San Diego Square sale moves forward, slowly

By Kelly Davis
IMG_1761 Empty parking lot at San Diego Square
- Photo by Kelly Davis
It's been more than a year since nonprofit Housing Development Partners (HDP) said it wanted to buy San Diego Square, the Downtown high-rise for low-income seniors. For tenants, many of whom had long complained about how the building was being run, HDP was a godsend.

HDP Executive Director Marco Vakili said he expected escrow would last about a year; he hoped the sale would be finalized by September 2012. But, now it'll be another year before HDP owns the building. Getting financing to purchase and rehab San Diego Square—which hasn't been improved since it was built 30 years ago—takes time, Vakili said. HDP hopes to secure Federal Housing Administration low-interest loans—among other sources—which can take up to 10 months. 

And this is where the sale gets complicated. The city owns the land under San Diego Square and leases it to Kind Corp., which currently owns the building. For HDP to obtain the financing it needs, the city had to draw up a new lease. The original lease with Kind Corp., whose president, Mauvorneen O'Connor, is the twin sister of former San Diego Mayor Maureen O'Connor, was a sweet deal: Kind Corp. was able to lease the land, a full city block, for only $50—$1 a year for 50 years.

Under the terms of the new lease, which will take effect once the sale's completed, HDP will pay the city $4 million in rent, a portion of the income generated from the commercial space that's part of the property and a portion of annual rent from the residential part of the building. 

To the layperson, that sounds pretty steep for a low-income housing project. At the City Council's Land Use & Housing committee meeting yesterday, Jim Barwick, director of the city's Real Estate Assets Department, explained that Kind Corp.'s $1 a year rent was "an incentive to provide low-income housing." 

"[The city's] pledging their land for 65 years for below-market value," Vakili told me in an interview. "They're essentially taking their land, which is a full city block, and saying, 'Hey, we're going to leave it like this for the next 65 years and for this we're getting four million bucks and we're getting some cash flow.

"They would make a lot more money if they did a market-rate building with it," Vakili noted.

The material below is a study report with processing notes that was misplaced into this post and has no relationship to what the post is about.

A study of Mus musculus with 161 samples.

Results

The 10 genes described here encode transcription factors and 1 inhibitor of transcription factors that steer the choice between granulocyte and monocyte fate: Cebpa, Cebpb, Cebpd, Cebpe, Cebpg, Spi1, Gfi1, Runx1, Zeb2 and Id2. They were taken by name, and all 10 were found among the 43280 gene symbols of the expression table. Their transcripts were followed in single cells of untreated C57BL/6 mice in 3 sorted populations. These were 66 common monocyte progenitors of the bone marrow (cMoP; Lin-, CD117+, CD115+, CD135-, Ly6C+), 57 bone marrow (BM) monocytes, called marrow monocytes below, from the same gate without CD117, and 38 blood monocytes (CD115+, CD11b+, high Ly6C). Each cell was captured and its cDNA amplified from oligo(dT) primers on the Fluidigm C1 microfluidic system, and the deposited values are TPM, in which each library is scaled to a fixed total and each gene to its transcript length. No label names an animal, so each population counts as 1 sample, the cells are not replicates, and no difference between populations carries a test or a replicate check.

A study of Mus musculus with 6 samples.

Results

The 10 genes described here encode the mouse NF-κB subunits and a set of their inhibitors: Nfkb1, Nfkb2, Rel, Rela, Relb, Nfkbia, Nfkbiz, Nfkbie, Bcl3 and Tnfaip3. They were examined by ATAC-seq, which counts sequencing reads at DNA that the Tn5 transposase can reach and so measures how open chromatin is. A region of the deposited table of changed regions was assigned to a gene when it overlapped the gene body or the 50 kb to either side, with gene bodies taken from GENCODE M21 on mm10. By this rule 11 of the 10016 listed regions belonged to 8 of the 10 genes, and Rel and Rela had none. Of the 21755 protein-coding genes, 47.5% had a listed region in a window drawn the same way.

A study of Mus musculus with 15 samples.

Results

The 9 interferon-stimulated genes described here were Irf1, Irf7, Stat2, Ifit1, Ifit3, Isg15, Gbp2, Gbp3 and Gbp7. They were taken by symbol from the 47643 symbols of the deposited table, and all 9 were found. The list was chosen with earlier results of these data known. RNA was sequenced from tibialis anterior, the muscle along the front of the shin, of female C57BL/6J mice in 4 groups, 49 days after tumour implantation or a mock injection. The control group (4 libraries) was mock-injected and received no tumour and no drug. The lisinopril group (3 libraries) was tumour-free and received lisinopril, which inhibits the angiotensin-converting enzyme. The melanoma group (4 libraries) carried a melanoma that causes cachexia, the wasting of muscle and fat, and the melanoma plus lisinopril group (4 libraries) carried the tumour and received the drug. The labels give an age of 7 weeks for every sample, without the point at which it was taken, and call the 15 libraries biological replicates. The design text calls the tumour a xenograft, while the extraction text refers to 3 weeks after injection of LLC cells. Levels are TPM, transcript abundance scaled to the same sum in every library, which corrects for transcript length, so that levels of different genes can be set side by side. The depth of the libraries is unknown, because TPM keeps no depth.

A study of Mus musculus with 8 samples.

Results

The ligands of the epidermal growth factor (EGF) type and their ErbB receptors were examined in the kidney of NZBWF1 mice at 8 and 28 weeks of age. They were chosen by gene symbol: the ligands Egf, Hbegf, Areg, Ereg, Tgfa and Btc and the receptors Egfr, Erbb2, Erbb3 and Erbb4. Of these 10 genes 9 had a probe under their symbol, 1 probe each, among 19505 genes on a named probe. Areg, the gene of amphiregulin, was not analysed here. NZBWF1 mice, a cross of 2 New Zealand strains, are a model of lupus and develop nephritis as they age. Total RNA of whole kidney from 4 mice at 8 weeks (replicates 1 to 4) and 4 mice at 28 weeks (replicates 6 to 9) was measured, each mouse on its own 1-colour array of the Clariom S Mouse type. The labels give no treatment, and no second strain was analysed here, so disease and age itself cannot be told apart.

At yesterday's meeting, Council President Todd Gloria asked if the $4 million could be earmarked for future affordable housing projects. When the state put an end to redevelopment last year, with it went local governments' most significant source of affordable-housing funding. 

"It becomes general fund money," Barwick told him. "How it’s spent is up to mayor and council."

The new agreement with HDP also memorializes the requirement that whomever leases the land must provide on-site services to San Diego Square's tenants. This requirement is in Kind Corp.'s lease, too, and Senior Community Centers once served that role, but Kind Corp. inexplicably ousted the nonprofit three years ago, putting them in violation of the lease.

Kind Corp. also shut San Diego Square tenants out of the building's parking lot, forcing residents to either give up their cars or park blocks from the building. For awhile, HDP was paying for 10 parking spaces across the street, but stopped when there was a snag in sale negotiations with Kind Corp. Vakili said he'll rent the 10 spaces again once the City Council approves the new ground lease, which will hopefully happen last this month. 

Chuck Miller, a San Diego Square tenant and president of the residents association, asked at yesterday's  committee meeting whether the city has any say over installing an interim management team while San Diego Square's in escrow.

"Right now we are the only [senior] apartment complex in the San Diego area that does not have a social area to meet. We don’t have a room to go have a potluck in, or a get-together at any time," he said. "There was one, but they locked the doors on it eight years ago. 

"They don’t feel like it’s their home," Miller said of the tenants. "They rent an apartment, but they can’t seem to live in it like it’s their apartment. There’s too many restrictions."